The Risky Business of Arbitrary Deadlines

By Sheila Eckert

The Merriam-Webster definition of Arbitrary: ‘based on or determined by individual preference or convenience rather than by necessity or the intrinsic nature of something’.

This is not about ‘True Deadlines’ like adhering to a new FDA regulation, implementing code for new tax laws, needing software completed before the start of the school year. Managing true deadlines is a story for another day.

While True Deadlines do exist, often deadlines are an arbitrary date.

While it is good to have goals, target dates and milestones, an arbitrary deadline created to pressure teams to complete work by a given time is fraught with many unnecessary risks and undue stress.

To illustrate, we will look at two scenarios, a developer who has been told that she must complete a task by a specific date and a motorist who is trying to get to his friends house by a set time.



So, both our subjects have tasks with deadlines assigned.

All goes well at first. Moving along on the road. Coding is going great.

Our motorist is stuck in bad traffic.

Our developer has come across a piece of the requirement which is more difficult than anticipated.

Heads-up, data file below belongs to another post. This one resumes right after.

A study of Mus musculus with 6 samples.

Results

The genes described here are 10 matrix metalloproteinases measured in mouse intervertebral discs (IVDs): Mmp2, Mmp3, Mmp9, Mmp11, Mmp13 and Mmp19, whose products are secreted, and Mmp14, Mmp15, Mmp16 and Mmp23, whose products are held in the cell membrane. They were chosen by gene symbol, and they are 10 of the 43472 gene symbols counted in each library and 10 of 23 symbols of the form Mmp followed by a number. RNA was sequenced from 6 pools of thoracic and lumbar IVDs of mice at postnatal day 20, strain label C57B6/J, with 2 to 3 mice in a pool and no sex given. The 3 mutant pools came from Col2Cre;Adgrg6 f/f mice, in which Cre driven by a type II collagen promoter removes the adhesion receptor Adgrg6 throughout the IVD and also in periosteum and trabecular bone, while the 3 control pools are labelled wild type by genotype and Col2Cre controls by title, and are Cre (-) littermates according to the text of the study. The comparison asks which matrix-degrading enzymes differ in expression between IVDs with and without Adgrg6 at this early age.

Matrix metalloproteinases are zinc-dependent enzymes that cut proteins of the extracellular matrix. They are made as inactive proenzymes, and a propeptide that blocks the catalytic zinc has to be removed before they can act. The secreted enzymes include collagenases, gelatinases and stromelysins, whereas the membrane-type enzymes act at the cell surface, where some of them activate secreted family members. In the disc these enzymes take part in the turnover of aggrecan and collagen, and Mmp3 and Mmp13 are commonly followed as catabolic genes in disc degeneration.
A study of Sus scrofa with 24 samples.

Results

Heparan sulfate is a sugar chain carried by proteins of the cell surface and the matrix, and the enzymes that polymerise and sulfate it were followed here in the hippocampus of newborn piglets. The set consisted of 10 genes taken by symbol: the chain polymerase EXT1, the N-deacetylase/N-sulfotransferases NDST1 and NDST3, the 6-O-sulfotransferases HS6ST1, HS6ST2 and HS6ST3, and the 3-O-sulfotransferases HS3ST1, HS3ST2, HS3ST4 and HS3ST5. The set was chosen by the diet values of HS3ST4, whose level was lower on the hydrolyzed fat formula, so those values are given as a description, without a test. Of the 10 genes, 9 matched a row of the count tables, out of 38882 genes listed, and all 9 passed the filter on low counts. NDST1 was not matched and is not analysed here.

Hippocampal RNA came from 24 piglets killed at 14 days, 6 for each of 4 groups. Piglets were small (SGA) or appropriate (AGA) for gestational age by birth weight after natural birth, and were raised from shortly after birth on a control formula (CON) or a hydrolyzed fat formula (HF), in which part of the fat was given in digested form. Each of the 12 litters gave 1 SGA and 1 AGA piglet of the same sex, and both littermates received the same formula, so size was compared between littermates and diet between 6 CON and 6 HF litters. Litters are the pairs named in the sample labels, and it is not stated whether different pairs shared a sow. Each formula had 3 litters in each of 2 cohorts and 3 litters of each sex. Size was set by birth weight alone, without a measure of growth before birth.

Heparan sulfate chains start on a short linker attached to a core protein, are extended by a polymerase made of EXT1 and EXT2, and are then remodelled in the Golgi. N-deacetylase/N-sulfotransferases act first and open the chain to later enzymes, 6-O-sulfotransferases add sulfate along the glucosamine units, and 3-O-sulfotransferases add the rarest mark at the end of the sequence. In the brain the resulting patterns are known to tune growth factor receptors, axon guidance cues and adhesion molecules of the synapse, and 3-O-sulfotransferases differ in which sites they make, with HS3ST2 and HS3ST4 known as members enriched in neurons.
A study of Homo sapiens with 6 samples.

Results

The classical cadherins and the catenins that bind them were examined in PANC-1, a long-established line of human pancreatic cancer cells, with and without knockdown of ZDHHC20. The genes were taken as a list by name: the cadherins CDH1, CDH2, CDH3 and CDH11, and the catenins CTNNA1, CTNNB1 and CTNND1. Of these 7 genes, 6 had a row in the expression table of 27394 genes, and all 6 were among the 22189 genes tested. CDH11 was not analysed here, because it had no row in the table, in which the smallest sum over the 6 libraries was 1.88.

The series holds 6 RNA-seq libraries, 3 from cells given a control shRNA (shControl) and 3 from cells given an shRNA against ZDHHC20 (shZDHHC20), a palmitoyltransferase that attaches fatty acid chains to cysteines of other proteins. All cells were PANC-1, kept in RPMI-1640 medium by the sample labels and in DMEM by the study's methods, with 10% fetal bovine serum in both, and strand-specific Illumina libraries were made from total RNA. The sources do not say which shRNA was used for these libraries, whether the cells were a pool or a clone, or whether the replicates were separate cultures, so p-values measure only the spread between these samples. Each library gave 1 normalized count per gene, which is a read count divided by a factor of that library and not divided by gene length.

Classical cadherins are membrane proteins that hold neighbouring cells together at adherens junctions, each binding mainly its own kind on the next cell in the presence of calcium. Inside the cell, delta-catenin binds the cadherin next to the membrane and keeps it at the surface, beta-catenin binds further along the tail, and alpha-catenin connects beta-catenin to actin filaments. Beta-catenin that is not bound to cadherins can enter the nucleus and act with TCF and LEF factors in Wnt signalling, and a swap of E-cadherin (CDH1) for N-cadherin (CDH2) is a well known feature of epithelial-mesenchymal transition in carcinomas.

Both worry about the looming deadline and determine that if they don’t do something, they will not meet their goal. THE DEADLINE HAS BECOME THE GOAL. And this is where the RISKS begin.


The two are looking to shortcuts so the ‘deadline goal’ can possibly be met. They have lost sight of their actual goal.

Our motorist decides to try a ‘shortcut’ around the traffic but the road he needs is closed. He is now mindlessly following his GPS, hoping it is going to make up the lost time.

The developer starts to look at shortcuts, at cutting corners. She will try to create a less than ideal solution. It should work but we need to forego good coding practices. She is unsure if this solution will scale but there is no time to worry about that now. She introduces technical debt. She limits the amount of testing.

The goal has now gone from result oriented to deadline oriented. Based on how far behind we are, there is a need to speed up further.

Our motorist begins to speed and use dangerous rather than safe driving practices. More risk. Speeding ticket? Car Accident?

Time to code fast, not smart. More risk. Less than ideal solutions. Details missed. Technical Debt. Bugs.

In the end neither of them finishes on time. Risks were introduced and results less than ideal.

Fines to be paid. Repairs to be done. Insurance cost increased.

Bugs to be fixed. Code that needs rework. Features eliminated. High Latency.


Throughout the process both experienced unnecessary stress. They did not meet the deadline. The result is not what was expected and much less than perfect.

The GOAL is to ACHIEVE the DESIRED RESULT as quickly as possible.

Arbitrary deadlines do much more harm than good. Use meaningful but looser targets — dates and milestones. Do frequent assessment and necessary adjustments. Code smart, not fast. Limit technical debt. Build in quality.

Following this approach results in quicker delivery of the desired outcome.